Wall Street Journal
By ABHRAJIT GANGOPADHYAY
KUALA LUMPUR, Malaysia—The founder of a new radio program aimed at airing voices challenging Malaysia’s ruling party blamed a cyberattack for disrupting her debut show.
The two-hour program, called Radio Free Malaysia, aired Monday on traditional radio airwaves and through Internet audio streaming. But the first hour of the Internet streaming audio couldn’t be heard because of a “denial-of-service” attack, in which an overwhelming number of communication requests forced the site to be shut down, said founder Clare Rewcastle Brown, a former BBC journalist. The radio distribution of the program went smoothly.
“These were well-coordinated attacks aimed at silencing us,” said Ms. Brown, who is based in London.
She accused supporters of Malaysia’s ruling coalition—the National Front—of being behind the disruption of her program.
She hosts a blog—the Sarawak Report—in Malaysia as well. It faced a similar cyberattack last week, she said. She believes that attack was sparked by National Front supporters upset by a antigovernment video posted elsewhere.
She said she hasn’t sought investigations into the incidents. The Malaysian Communications and Multimedia Commission, which regulates local media, declined to comment.
Ms. Brown launched her daily Radio Free Malaysia in the run-up to Malaysia’s general election, which must held by the end of June and is expected to be the most competitive in its history. James Chin, a fellow at Singapore’s Institute of Southeast Asian Studies doubts Radio Free Malaysia will affect the race. “A lot will depend on how many will actually tune in,” he said.
The National Front coalition, which has been in power since Malaysia gained independence from Britain in 1957, is frequently accused of heavy-handedness in its dealing with the few independent newspapers and TV stations in the Southeast Asian country.
Government-run or backed media outlets pump out the government’s positions while targeting opposition politicians, leaving little room for voices of dissent, critics say. Malaysia was ranked the 145th worst country on press freedom of 179 countries studied by Reporters Without Borders.
“There is a crisis of confidence definitely with print and certainly with TV,” said Masjaliza Hamzah, chief executive at the Center for Independent Journalism, a media advocacy group based in Kuala Lumpur.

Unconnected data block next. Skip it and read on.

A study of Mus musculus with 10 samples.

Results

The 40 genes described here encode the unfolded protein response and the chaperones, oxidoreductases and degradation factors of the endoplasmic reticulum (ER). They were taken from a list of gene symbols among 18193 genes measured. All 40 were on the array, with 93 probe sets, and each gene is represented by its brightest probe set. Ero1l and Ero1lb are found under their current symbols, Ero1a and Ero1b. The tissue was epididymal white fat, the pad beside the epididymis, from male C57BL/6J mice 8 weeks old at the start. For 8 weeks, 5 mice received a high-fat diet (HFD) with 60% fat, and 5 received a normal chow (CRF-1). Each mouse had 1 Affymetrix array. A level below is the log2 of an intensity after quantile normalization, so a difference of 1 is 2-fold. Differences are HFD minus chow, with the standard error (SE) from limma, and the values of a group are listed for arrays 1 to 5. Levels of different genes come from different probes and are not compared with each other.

Ms. Brown’s first show featured Malaysia’s opposition leader Anwar Ibrahim and Pan-Malaysian Islamist party’s leader Dzulkefly Ahmad.
“We will also be knocking on the doors of the National Front politicians to have them on the program,” Ms. Brown said.
Ms. Brown—who is married to Andrew Brown, the younger brother of former British Prime Minister Gordon Brown—said her London base will keep her beyond the reach of Malaysian broadcast rules, which in turn will help her in getting out the views of opposing politicians and others.
Under current regulation, local radio channels are required to inform the information and broadcasting regulator of interviews in advance. Often the regulator bars broadcasting such interviews with political opposition members.
Malaysia’s constitution gives citizens the right to freedom of speech and expression, but imposes limits. Violations can be punished by several years in prison.
Malaysia’s current prime minister, British-educated Najib Razak, has initiated reforms to loosen up rules on the news media and the tightly controlled political system as he pitches himself as a moderate keen for a more open society. Last year, he got rid of laws that required annual licensing of print publications. “Definitely what he has done so far has not yet transformed media and how Malaysians want news,” said Ms. Masjaliza, the media advocate.
Ms. Brown earlier launched a radio program called Radio Free Sarawak, a Malaysian state on the island of Borneo. She was born in Sarawak, and the program focuses on environmental challenges faced by indigenous people there due to rapid deforestation.
Radio is popular in Malaysia. Malaysians topped the radio listener list in the Asian-Pacific region, tuning in for an average of 21 hours and 34 minutes a week in 2011, according to a survey by market researcher Nielson.
“My target audience is the rural people, who need an alternative medium to know what’s happening,” Ms. Brown said.